Sunday, March 27, 2016

here are 2 photos of the same thing...

this first image is shot with a digital camera and a wide angle lens.
i love the clarity and sharpness.
the color and white balance are different then the film shot,
but i edited this a little differently, to look more like film, so i may have tweaked it too much?
i caught the crosses on the right, because the lens is wide angle
and i kind of like that...
i was standing in the turn lane when i shot this.





this second image was shot with a 40 year old film camera
with a longer fixed focal length lens.
i like the color in this one better, but it is a little too saturated
the whites are a little warmer, but
that's party because the sun was different when i shot this one.
the whites and color are easy enough to fix on either version...
what i don't like about this film shot is,
i had to stand pretty much across the street to get the cow head the way i wanted.
this means, i lost the crosses on the right, and i like the crosses...
i could have put a wider lens on the film camera,
but i was using a specific tilt shift lens...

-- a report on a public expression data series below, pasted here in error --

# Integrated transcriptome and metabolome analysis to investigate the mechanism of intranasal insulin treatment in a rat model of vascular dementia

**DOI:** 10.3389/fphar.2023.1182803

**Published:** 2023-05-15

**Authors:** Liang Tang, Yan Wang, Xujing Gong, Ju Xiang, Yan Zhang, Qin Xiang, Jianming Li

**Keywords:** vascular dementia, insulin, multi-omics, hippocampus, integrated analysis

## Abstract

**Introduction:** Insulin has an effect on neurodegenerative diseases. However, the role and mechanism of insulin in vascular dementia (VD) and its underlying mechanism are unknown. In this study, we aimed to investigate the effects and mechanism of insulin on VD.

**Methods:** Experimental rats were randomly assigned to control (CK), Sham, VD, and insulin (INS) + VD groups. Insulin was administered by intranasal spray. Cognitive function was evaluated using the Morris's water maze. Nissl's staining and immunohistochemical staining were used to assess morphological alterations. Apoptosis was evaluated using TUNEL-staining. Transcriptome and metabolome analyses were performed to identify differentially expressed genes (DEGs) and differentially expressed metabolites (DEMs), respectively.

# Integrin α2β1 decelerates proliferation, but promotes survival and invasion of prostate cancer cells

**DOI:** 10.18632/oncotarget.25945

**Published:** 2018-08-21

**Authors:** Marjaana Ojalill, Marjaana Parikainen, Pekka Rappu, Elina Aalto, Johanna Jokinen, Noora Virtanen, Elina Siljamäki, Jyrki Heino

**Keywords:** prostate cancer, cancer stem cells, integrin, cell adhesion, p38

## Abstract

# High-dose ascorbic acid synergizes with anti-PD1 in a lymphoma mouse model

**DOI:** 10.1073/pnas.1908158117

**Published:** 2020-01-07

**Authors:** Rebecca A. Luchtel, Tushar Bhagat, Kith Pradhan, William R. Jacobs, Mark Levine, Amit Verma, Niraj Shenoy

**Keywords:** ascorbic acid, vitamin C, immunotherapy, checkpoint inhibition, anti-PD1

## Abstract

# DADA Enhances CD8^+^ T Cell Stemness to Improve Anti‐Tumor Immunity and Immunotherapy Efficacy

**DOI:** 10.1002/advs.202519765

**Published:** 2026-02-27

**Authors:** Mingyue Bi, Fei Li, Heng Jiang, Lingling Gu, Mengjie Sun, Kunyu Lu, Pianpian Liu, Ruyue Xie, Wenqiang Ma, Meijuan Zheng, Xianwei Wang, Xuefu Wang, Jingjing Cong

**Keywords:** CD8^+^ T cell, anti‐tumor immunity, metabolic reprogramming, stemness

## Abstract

i also don't like how this image is less then tack sharp, but
that could be because of the scanning...?
the full size version of this, on my computer, is pretty damn sharp
and i'm impressed with this old lens, but i'm spoiled by the clarity of digital.
i like the longer focal length, and how it changes the feel,
but i also like the wide angle.

i think i need a lens that's right in between these two...!

i also like the little bit of lint on the top right part of the sky. it's so artistic, to leave that in the final image. but...if you have lens spots, or sensor spots on your digital image, and you leave those, well...you're a lazy bastard.




i think for this test example, i like the digital better.
i'll try another one, and see what i think.

1 comment:

the walking man said...

Did you perhaps notice in the top photo you caught crosses both left and right? The cross beams of the derelict sign were the first crosses to catch my eye. Both left and right though seem to perfectly frame the bovine head.